HANSON — Selectmen on Tuesday, Aug. 27 heard a report on the town’s Economic Development plan from consultant Frank Mahady, owner of FXM Associates of Mattapoisett.
Mahady’s study was funded by a budget amendment filed in the FY19 state budget by state Rep. Josh Cutler, D-Duxbury, and supported by state Sen. Mike Brady, D-Brockton. A Town Meeting vote authorized the appropriation for the study in the Route 27 corridor and — in the town generally — as a method of assessing general office, retail and industrial space, as well as rental housing needs, in town.
“The greatest demand [nationwide] for commercial space is in so-called industrial wholesale space because of … the need to establish distribution centers on a broader basis,” he said.
Mahady found that an increase in Hanson’s population and number of households is projected to continue, and already exceeds rates of Plymouth County and the state overall.
Hanson’s median household income is “substantially higher” — at $106,000 than Plymouth County at $79,000 and the state at $81,000 — and a higher number of employed people per household. There is also a higher proportion of residents in owner-occupied single-family homes.
At the same time, between 2007 and 2017, jobs in Hanson decreased by 1 percent while county job availability increased by 14 percent and 15 percent statewide.
It had rebounded some since 2011, Mahady pointed out, however.
“Looking at market conditions and trends …we projected that demand for office space in Hanson and surrounding towns is about 8,000 square feet per year over the next few years,” he said. “The vacancy rates are low.”
Mahady said demand for rental housing that can support new construction is substantial, especially in the area of high-end rentals in the neighborhood of $2,700 per month. Tax rates are competitive.
“We think there is a strong potential, from a market standpoint, for mixed-use office/retail/restaurant and residential development in the vicinity of the MBTA station,” Mahady said. “There is a retail gap right now.”
Zoning changes and addressing wastewater treatment issues are required, however, to make such development possible.
Selectmen Chairman Laura FitzGerald-Kemmett said progress made by the owner of the former Ocean Spray building is moving in the mixed-use direction.
“No one should be afraid of rental housing targeted to young professionals and empty-nesters, which is what everybody is doing,” Mahady said.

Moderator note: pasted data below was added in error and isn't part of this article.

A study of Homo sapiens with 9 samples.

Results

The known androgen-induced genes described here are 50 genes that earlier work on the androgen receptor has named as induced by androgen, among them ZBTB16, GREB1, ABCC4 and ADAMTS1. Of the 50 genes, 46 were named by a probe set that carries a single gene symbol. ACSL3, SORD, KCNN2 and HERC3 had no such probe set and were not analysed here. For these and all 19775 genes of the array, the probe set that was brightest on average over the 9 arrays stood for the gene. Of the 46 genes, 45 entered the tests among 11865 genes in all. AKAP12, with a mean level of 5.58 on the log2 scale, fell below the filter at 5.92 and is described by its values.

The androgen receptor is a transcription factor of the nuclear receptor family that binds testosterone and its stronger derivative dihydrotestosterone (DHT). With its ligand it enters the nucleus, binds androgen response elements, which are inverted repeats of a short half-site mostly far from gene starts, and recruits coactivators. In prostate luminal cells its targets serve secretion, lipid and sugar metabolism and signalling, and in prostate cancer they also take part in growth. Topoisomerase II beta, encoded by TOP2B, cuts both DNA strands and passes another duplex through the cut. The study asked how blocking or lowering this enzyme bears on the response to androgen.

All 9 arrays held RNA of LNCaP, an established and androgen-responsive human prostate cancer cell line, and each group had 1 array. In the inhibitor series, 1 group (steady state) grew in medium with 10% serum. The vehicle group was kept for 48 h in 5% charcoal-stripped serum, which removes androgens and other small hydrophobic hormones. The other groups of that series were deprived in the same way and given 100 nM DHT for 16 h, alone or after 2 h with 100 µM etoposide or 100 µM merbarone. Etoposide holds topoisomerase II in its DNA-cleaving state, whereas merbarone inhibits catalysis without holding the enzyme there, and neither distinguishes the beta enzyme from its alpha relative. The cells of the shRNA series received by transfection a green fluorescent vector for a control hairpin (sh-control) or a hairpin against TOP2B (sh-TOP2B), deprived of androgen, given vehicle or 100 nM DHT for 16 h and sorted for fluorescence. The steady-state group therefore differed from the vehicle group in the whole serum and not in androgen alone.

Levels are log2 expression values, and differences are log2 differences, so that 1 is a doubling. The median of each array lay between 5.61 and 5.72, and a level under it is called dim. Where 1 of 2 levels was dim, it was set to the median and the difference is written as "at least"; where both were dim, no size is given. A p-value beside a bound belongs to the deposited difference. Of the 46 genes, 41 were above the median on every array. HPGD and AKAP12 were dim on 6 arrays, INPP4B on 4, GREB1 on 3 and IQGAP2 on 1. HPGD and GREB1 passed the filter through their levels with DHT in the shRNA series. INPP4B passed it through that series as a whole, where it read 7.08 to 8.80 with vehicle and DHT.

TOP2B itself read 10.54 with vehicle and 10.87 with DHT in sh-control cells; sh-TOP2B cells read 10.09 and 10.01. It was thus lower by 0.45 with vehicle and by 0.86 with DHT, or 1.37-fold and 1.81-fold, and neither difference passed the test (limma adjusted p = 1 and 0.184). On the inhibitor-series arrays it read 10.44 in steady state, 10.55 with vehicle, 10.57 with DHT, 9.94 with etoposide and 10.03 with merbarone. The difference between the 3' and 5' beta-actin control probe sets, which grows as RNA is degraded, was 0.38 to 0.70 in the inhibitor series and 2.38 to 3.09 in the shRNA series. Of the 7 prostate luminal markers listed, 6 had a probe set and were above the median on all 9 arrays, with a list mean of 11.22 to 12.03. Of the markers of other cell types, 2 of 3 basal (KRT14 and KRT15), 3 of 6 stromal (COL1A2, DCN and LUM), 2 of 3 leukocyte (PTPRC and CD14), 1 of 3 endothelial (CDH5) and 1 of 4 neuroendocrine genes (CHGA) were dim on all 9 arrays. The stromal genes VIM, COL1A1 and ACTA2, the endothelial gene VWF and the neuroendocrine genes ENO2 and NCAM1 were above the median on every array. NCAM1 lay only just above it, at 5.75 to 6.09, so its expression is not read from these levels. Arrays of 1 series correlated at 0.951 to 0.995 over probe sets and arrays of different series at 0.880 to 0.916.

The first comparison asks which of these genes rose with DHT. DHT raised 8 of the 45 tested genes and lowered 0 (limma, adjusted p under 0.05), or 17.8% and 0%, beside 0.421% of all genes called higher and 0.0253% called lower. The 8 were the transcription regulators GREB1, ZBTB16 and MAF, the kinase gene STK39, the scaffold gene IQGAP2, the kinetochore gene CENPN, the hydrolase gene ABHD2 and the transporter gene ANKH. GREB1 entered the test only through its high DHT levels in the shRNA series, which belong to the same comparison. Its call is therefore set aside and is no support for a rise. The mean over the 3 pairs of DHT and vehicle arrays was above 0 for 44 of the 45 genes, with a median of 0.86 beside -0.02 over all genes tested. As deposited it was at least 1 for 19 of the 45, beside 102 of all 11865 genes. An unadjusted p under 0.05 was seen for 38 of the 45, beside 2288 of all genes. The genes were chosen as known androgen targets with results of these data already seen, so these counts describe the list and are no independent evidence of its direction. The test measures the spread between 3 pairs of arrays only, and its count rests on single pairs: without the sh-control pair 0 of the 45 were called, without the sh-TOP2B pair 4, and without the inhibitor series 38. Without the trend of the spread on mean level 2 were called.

He said while he did not interview Selectmen due to an oversight, Mahady’s firm interviewed a dozen interviews with business owners in town. While he could tell them who he spoke with, confidentiality agreements dictate that he could not give details about what they said.
The board also heard department reports from Police Chief Michael Miksch and Town Accountant Todd Hassett.
Miksch focused on the changes to come from joining the regional dispatch center in Duxbury.
He is leaning toward having police officers staff the station after the change, to prevent having a dark station.
Station counts determined that about 300 people a month walk into the station, which Miksch thought seemed high until he reviewed the traffic data.
“On a daily basis, just under 14,000 cars drive by that station,” Miksch said, adding that between 15,000 and 17,000 drive by on peak days.
“That would explain, to me, the number of walk-ins.”
About half of those people walk into the station because they need a police officer, he said. “Any of those tasks that the civilians can handle, I can teach a cop to do. The other 50 percent, I can’t have the civilian do — dealing with restraining orders, taking in firearms or ammunition.”
He said it also provides a deeper pool of officers to deploy and noted that civilians can’t be sent into the cell block to check on prisoners.
The fire department has also reported that about 15 people a year walk in seeking medical assistance. For his department, Miksch said the answer lies in hiring new officers.
Five dispatchers can be translated into four police officers, he said, two of which can be hired before the regional dispatch takes over on July 1, 2020.
“It’s never been a notion for us to have a dark station,” FitzGerald-Kemmett said. “That’s never been on the table.”
She said regional dispatch should be cost-neutral, to which Miksch agreed, and estimated that two officers could be in place by January.
Hassett provided a financial update to Selectmen as well, reporting that overall revenues to the general fund have exceeded budget by $550,000.
“We did particularly well with excise taxes, licenses and permit revenue,” he said. Pending additional information from the Department of Revenue, he also expects another $82,000 in intergovernmental revenue.
Overall budget returns for the year are just over $800,000. Hassett also told Selectmen he felt town facilities maintenance efforts should be consolidated under a single manager, but that the current issues surrounding education funding might delay any movement on that front.
The Board of Selectmen also reviewed warrant articles and voted to close the warrant for the October Town Meeting.
(This story was amended on Friday, Sept. 6 to clarify the funding source for the study.)